Translation:My father and I play soccer on the weekend.
That doesn't sound grammatically correct, and I've never heard anyone use it that way.
Without any context this sentence suggests an ongoing repeated activity. Adding 了 would be one way to indicate completion (not the same as past tense, see: www.chineseboost.com/grammar/past-events/ ) While it's not mandatory, without it or some other time indicator, the listener will understand it as the given translation and not as "played" (a completed one time event)
"At weekend" is wrong in English.
Acceptable ways to say this would be that match the Chinese(in no particular order of better to worse):
"During the weekend"
"On the weekend"
Me and my father*
I play football/soccer on the weekend with my father*
football* should all be accepted.......
Technically "me and my father play" is not proper English, because "me" is the oblique form, yet you are the subject. Thus "I" should be used, e.g. "My father and I play".
But much like "whom" is nearly lost in spoken English, you often also hear "Me and [...]" used like above.
Yes it's exactly comparable to the "whom" case. One is technically correct but the other is still very much in use by native speakers.
It's colloquial English. I don't say it myself, but it's not as bad as the frankly dialectal stuff that you find on this site.
Or if you wanted to use correct English yourself, you would write:
"No. Me and my father" is incorrect English.
In day-to-day language, Americans will say me and x a lot, but in the UK this is still considered poor English. It's very prevalent in movies and television, so I'm assuming it's very common in the US. It's getting more and more difficult to speak grammatically correct English just by consuming media, presumably a lot of our grammar will disappear, seeing as how prevalent American culture is. For the time being though, it is clearly not acceptable to accept me and x as a correct answer in a language course.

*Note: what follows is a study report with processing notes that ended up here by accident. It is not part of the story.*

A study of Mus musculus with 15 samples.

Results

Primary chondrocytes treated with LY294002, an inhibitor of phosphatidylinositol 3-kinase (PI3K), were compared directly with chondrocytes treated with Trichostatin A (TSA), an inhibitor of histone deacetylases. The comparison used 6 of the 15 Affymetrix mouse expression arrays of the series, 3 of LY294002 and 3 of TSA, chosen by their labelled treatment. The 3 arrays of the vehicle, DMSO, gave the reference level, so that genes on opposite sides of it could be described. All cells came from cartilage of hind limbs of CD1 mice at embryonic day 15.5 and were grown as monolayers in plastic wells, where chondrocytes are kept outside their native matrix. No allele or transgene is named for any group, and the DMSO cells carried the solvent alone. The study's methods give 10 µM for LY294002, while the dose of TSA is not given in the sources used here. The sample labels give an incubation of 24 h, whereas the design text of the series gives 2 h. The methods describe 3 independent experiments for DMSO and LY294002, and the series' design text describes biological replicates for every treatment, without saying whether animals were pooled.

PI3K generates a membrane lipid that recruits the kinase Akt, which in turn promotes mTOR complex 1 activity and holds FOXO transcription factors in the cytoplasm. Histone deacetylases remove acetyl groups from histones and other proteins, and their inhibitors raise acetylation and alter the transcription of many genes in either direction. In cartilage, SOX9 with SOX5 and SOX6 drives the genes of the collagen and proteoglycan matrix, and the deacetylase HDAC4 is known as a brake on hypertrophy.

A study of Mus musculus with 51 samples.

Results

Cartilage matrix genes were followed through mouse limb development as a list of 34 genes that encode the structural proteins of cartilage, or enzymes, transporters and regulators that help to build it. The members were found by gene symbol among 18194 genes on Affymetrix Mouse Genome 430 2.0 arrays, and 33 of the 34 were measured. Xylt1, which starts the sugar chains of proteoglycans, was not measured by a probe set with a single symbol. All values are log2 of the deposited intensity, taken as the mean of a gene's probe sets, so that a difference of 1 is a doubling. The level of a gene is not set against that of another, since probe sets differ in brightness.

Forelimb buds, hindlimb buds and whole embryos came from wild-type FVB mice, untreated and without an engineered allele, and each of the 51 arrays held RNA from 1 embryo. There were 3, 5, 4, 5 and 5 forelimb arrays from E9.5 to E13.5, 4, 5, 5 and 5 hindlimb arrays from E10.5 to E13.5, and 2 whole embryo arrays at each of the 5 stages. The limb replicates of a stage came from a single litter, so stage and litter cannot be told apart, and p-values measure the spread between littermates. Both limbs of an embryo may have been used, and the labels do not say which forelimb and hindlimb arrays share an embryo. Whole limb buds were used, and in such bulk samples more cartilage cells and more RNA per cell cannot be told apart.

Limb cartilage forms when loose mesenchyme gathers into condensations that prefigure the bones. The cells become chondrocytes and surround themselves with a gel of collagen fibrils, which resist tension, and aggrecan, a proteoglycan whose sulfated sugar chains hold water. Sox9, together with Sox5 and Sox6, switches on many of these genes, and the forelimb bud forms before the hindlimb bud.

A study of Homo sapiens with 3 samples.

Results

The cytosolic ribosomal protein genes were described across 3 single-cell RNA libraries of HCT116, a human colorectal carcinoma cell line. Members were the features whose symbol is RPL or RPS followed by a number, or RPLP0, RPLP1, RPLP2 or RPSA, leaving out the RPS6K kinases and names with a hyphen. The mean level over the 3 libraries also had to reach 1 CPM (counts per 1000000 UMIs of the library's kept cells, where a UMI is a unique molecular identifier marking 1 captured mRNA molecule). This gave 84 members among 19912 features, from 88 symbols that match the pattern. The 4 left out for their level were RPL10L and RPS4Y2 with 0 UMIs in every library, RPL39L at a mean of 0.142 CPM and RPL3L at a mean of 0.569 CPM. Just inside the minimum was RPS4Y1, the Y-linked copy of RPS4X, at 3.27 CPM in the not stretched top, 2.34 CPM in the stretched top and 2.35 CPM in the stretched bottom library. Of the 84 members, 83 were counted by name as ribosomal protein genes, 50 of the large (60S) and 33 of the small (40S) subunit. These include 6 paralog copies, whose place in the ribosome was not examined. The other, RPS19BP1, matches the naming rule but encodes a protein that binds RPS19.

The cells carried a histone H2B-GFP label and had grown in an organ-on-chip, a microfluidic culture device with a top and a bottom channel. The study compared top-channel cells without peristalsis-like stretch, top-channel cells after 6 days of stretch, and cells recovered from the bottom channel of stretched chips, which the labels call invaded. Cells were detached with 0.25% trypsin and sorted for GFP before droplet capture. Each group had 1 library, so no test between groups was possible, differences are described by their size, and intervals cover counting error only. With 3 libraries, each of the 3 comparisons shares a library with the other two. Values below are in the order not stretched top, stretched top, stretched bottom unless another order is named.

Definitely not. Nominative case is required here, not accusative or dative case. The subjects are, for this example, you and your father, so "My father and I" would be the correct usage. "Me and my father" is slang and colloquial fare. I've only heard it in mobster or pirate movies, so far.
Shouldn't this also be a good enough translation: "On weekends I play soccer with dad"?
At the weekend I play football with my dad.....surely this is the same as the translation given
"Played" should be acceptable too, because it is not clear whether it is speaking about a past activity or something that typically happens on weekends. I have noticed that Duo Lingo does this a lot (penalizes us for writing the wrong tense when the tense is not specified).
"Le" would have to be added in the Chinese sentence if past tense were indicated.
Can you provide a source stating that "le" is mandatory when referring to the past in Chinese? I've always read that it's one of the many optional things in Chinese grammar.
how does one say 'My father and I will play football on the weekend' in Chinese?
"During" should be allowed as a substitute for "on". They pretty much mean the same thing here. (I submitted "My father and I play soccer during the weekend." which was rejected.)
Why is it punishing me when I get the order of the subject wrong, but when it got it wrong it can't tell the difference. I put I and dad, because it said 我和爸爸
"I and dad" is never right. "Proper" English is supposed to be "Dad and I" and most native speakers say "Me and dad". But nobody says "I and dad".
Grammar nazis insist that only "dad and I" is correct in English but linguists and most normal English speakers usually say "me and dad". So both should be accepted.
The rule I learned is that you determine which pronoun to use by removing the second party from the sentence:
"My dad and I play soccer on the weekend" → "I play soccer on the weekend."
"Me and dad play soccer on the weekend" → "Me play soccer on the weekend."
The fourth sentence is clearly ungrammatical even though the meaning is unequivocal and clear. It seems fair to say that the third is as well. You certainly wouldn't want to put that in any written publication.
I wouldn't want to publish an app or website using "login" as a verb either, but Duolingo has no such qualms. They should at least practice what they preach and be consistent.